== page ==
Types and clinical signs

This is a common disease in the Middle East. It causes anemia mainly following ingestion of certain substances such as fava beans, aspirin, and many other drugs. The disease can be diagnosed relatively easily immediately after birth. Affected individuals are given a list of drugs they are forbidden to take and foods that they are forbidden to eat, because abstinence from these substances prevents the manifestation of the disease (anemia). The presence of one copy of the mutation in carriers usually gives a certain amount of protection from malaria.

Inheritance pattern

X-linked - there are rare cases of autosomal inheritance.

Penetrance

Almost always complete.

Associated features that can be demonstrated in tests performed during pregnancy

There are usually no defects.

What is the risk of recurrence in a subsequent pregnancy?

A mother who has an affected child has a 50% risk in every pregnancy with a male fetus that he will be affected.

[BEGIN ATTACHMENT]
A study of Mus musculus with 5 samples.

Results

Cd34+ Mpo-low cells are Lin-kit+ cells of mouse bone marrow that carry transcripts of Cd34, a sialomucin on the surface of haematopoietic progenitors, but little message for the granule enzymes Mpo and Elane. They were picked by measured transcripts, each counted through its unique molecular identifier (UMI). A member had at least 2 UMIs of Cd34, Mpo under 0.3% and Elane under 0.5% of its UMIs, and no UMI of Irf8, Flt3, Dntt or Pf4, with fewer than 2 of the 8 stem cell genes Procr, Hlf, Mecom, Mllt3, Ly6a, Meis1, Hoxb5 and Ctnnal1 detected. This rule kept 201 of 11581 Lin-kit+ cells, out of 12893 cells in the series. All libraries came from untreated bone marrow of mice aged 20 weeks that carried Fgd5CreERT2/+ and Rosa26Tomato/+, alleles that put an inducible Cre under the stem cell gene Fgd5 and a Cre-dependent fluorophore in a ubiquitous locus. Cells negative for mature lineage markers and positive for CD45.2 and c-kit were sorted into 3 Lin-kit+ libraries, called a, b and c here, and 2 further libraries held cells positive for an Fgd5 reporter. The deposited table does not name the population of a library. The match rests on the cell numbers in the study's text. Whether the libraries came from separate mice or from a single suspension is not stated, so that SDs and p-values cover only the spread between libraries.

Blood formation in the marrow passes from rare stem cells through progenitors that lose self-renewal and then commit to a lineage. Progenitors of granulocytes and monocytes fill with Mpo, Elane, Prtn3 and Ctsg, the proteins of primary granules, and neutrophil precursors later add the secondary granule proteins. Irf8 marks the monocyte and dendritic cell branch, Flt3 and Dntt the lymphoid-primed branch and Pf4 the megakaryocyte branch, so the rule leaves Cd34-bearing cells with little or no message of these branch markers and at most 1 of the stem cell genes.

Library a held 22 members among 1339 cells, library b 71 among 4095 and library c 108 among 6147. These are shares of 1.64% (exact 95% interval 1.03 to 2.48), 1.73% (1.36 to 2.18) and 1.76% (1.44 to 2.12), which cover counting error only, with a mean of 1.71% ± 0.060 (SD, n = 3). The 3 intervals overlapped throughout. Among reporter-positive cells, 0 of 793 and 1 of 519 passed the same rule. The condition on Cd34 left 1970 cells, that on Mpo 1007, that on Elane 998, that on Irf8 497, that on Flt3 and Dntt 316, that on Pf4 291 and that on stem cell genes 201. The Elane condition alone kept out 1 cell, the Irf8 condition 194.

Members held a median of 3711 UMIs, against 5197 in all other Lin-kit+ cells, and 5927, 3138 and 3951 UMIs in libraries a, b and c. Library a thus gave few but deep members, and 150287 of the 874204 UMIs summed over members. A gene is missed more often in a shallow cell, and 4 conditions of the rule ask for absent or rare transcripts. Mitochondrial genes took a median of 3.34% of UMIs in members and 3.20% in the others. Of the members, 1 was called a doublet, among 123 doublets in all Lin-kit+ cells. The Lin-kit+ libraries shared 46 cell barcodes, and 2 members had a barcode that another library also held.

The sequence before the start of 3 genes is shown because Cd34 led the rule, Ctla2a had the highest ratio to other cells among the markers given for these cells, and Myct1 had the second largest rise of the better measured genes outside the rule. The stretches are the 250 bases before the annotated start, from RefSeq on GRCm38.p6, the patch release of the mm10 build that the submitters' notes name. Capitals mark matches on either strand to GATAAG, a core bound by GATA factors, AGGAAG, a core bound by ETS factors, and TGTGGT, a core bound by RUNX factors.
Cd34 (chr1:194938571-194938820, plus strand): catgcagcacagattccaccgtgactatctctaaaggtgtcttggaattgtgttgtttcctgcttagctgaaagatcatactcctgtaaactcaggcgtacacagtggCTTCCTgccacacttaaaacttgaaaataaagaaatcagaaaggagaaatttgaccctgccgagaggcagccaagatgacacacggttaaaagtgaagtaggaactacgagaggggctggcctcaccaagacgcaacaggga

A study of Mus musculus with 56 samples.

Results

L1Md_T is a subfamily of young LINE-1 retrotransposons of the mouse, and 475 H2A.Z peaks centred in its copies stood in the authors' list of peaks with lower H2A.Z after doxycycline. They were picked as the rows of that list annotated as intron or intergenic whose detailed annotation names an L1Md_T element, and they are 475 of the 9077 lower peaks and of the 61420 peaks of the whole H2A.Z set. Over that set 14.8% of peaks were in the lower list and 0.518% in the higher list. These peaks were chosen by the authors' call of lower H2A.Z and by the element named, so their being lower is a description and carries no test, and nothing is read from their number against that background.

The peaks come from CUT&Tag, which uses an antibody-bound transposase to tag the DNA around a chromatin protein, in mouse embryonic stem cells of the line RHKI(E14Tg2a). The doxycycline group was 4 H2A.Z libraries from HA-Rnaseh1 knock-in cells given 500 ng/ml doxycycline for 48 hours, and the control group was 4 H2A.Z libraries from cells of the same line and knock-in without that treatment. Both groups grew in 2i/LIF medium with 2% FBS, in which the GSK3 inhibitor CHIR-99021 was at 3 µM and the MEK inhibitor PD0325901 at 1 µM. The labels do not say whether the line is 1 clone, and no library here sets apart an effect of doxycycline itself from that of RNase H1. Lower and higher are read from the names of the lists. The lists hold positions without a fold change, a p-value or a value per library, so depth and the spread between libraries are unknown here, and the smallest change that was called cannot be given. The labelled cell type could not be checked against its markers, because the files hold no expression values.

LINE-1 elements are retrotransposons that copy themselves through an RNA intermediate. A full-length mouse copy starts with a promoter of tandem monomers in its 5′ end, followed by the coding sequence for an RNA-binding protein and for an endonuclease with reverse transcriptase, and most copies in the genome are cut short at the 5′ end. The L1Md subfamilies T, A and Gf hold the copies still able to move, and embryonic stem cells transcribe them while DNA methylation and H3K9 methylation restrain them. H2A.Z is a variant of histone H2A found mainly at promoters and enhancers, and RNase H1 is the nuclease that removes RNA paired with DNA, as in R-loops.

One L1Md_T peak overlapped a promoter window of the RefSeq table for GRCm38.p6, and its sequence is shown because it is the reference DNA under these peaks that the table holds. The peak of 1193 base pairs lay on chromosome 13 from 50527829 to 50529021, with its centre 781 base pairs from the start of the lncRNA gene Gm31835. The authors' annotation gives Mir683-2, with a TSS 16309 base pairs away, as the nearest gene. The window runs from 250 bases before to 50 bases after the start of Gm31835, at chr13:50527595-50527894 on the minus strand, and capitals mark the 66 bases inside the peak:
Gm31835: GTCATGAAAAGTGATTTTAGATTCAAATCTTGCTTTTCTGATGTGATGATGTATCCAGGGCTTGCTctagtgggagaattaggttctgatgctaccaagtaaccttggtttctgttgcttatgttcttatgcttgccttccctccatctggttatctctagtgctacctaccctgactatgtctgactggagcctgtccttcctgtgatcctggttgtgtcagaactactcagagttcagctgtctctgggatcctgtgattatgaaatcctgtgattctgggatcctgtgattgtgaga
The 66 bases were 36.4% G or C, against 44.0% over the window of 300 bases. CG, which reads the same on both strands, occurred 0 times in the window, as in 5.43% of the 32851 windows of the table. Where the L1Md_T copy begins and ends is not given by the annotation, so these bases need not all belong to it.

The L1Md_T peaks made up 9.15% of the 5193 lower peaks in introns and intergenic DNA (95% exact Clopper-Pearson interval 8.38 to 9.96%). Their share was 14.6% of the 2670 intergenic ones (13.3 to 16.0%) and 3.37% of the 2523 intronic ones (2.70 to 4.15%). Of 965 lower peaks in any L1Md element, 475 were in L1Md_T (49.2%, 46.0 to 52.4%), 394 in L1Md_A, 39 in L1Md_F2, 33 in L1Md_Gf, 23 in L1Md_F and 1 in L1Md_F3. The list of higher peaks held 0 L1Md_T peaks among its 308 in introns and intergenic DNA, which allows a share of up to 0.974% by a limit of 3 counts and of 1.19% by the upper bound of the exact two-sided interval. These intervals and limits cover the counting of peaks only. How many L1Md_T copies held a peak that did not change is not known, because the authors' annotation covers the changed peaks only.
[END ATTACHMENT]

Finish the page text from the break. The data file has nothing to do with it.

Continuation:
Females who carry the mutation rarely express it.

When they do, it is due to a combination of a father with G6PD and a carrier mother.

Fifty percent of the daughters of such a couple will have two copies of the abnormal gene since they have received one from each parent.

There are a number of rare conditions in which the defect is not on the X chromosome but on an autosomal chromosome.

Molecular genetic information

The gene for the disease

G6PD.

Location

Chromosome Xq28.

Genetic testing

Diagnostic testing

There is no need to carry out diagnostic testing as a test can be performed after birth to measure the level of the enzyme - if this is deficient the patient is affected. If indicated, the molecular defect can be identified in a research setting, and the gene sequence can be established. See information sheet: Finding the defect (mutation) by establishing the gene sequence - X-linked disease.

Carrier testing

This is usually not required.

Fetal testing

This is not necessary - see under diagnostic testing.